Updated: November 28, 2021
A lot of people believe that putting money in the bank is risk-free. They’re just happy to receive interest on their deposits and watch their money grow.
But because of inflation, what they don’t realize is that they’re actually losing money by leaving their cash in the bank for many years.
How? Consider the illustration below.
The Price of Rice
In 2004, the price per kilo of regular milled rice in Metro Manila is P18.63. This means if you had P10,000 back then, you could buy 536.77 kilograms of rice.
In 2014, after 10 years, the price per kilo of this commodity in Metro Manila is now P36.00. So how many kilograms of rice can you afford today, if you simply placed that P10,000 in a savings account for 10 years?
According to historical data, bank deposit interest rates back in 2004 were 6.18% per annum (which is higher than what I remember). Assuming your money enjoyed that rate for 10 years, and all the interest earned was tax-free, then here’s how you lose money.
As you can see, you can now afford less rice, 30.80 kilos less to be exact. Multiply that by the current price and we can say that you just lost P1,108.75 (30.80 kgs x P36.00).
Do you still think your money in the bank is risk-free?
How To Not Lose Money
To best way to not lose money is to put it in an investment that earns more than the inflation rate over the long term. There are many of them out there, but let’s pick a specific one for purposes of illustration.
In January 2004, the Net Asset Value per Unit (NAVPU) of BDO’s Peso Balanced Fund was 1,124.5934. If you invested that P10,000 back then, you’ll have 8.8921 units of participation.
In January 2014, the NAVPU of BDO’s Peso Balanced Fund was 3,443.7508. If you redeemed your investment during that time, you would receive P30,622.19 (computed by multiplying 8.8921 units by 3,443.7508).
How many kilos of rice can you buy with that much money today? The answer is 850.62 kilos of rice or 58.47% more than you could afford 10 years ago!
So Savings Accounts Are Useless?
Now, don’t withdraw all your money from the bank!
Savings accounts and time deposits are not useless because they have their own purpose in your financial plan.
It’s a great place to put your emergency fund, along with the money that you plan to spend in the next 2 years.
For the money that you plan to use in the future, say three or more years from now, such as your retirement fund – then the best place to put them is in an investment.
Cereals: Retail Prices, Philippine Statistics Authority
Philippines – Deposit Interest Rate, Index Mundi
UITF Yield Calculator, BDO Unibank Inc.
Hi R1A, the BPI Save-Up Automatic Savings + Insurance is a good product because it’s an automatic savings plan with term life insurance benefits. But again, this should just be for your EF and 2-year spending budget, and no need to have multiple accounts of this same type.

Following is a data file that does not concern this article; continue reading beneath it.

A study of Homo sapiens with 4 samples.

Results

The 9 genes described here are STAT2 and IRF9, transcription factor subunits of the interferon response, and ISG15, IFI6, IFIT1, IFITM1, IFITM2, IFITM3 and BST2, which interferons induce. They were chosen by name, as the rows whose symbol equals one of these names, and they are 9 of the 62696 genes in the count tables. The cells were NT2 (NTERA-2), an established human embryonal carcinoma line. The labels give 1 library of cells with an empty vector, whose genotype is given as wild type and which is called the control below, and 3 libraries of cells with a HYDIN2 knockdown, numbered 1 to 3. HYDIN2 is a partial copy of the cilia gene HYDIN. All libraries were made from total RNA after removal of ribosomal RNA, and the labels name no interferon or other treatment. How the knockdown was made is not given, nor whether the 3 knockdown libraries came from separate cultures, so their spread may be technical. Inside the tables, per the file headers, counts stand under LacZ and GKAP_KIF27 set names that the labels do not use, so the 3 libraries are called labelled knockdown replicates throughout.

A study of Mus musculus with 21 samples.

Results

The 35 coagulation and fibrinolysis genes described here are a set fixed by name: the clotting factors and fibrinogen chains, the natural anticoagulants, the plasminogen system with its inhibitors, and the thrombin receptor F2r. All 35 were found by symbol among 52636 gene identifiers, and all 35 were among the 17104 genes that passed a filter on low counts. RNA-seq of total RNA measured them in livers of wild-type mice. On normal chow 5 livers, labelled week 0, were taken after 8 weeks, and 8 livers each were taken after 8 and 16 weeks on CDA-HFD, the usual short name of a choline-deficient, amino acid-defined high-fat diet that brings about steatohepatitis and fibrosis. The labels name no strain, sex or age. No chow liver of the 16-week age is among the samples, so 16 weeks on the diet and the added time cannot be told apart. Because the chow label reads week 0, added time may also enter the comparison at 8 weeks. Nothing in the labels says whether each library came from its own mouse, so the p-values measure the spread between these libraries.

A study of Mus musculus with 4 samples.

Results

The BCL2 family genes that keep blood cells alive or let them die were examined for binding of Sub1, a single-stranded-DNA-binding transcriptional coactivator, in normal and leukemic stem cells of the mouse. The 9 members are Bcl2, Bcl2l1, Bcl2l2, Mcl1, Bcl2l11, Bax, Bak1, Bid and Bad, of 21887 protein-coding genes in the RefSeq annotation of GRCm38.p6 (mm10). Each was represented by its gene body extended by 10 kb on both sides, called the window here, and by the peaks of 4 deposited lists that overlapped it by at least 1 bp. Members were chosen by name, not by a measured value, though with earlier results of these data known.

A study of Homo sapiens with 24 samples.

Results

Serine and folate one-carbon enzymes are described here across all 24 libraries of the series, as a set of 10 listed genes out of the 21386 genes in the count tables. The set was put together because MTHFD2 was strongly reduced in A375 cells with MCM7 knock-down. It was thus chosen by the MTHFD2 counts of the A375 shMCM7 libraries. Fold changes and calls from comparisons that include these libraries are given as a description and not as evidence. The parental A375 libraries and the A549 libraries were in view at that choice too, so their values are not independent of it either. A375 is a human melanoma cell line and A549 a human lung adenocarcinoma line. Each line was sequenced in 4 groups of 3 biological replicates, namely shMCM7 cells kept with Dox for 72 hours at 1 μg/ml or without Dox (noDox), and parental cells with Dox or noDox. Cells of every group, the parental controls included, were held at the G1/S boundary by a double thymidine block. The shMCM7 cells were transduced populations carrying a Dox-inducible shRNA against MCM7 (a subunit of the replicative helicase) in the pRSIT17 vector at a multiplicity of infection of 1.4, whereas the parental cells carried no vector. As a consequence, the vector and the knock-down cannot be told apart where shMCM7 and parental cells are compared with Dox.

Savings accounts are just for emergency money. Always go for investments such as UITF as mentioned in the post. I love BDO, kasi pwede pakonte konte. As low as 1k a month
Hello,I have an investment account and a savings account. I religiously add to both every month. The investment has been performing great, while the savings is pretty much as is.
Do you think it’s okay have a fixed savings goal instead, and focus on investing more? Say fixed savings of 100k. If it goes beyond 100k, i’ll transfer the excess to my investment account? Or would you recommend growing both investment and savings at the same time? My goal is to have enough funds to retire / venture into business after 10-15 years.
What is the best investment plan for BPI or BDO as starters? Ty
Hi Deo, go to your bank, answer their Investor Risk Assessment test, and they can recommend to you appropriate investments.
Hi Fitz, would you be so dear to ask Rap’s question as it’s quite similar to my concern as well 🙂
Hi Rap and Inghinyero…
Your savings should have a limit – which is your emergency fund. Anything beyond that should be invested.
Your emergency fund should at least be 6 months of your monthly expenses. If you spend P30,000 a month, then your EF should at least be P180,000 – and that’s your maximum amount that you keep in your savings account. All else should be invested.
What should comes first, savings account or investment? TIA
[…] inflation? By not investing, you are actually losing money – and that’s something you should be afraid […]
Khen…savings account should come first for your emergency fund (atleast 3-6 months of your expenses), after setting up your emergency fund, buy insurance (life/health) as part of risk management coz once you have peace of mind for contingencies, the purpose for investing won’t be defeated. Then,open an investment account. either a VUL (protection money+investment), Mutual fund, Uitf, or a trading account if you wanna invest directly in the stock market.
[…] they don’t know is that because of inflation, they’re actually losing money by not investing. The Philippines’ average inflation […]
My view is that central banking/ federal reserve systems/fiat currencies are the real enemy. Because of these systems, any nations currency can be manipulated at will by the banksters. Need to pay a bill, just print more money. However, the currency you hold is devalued because there is more of it. I will share an old story: At one time a man could purchase a fine suit, including a vest and two pair of pants with a single one ounce $10.00 USD gold coin. These days, $10.00 USD (about P500) may not even get you a shirt at the local mall. However, if you still had a $10.00 one ounce gold coin today, I dare say that you could certainly purchase a top shelf suit and all the extras if the gold were converted to paper money. I am not a “gold bug” but I think we can all agree that solid gold is a store of wealth.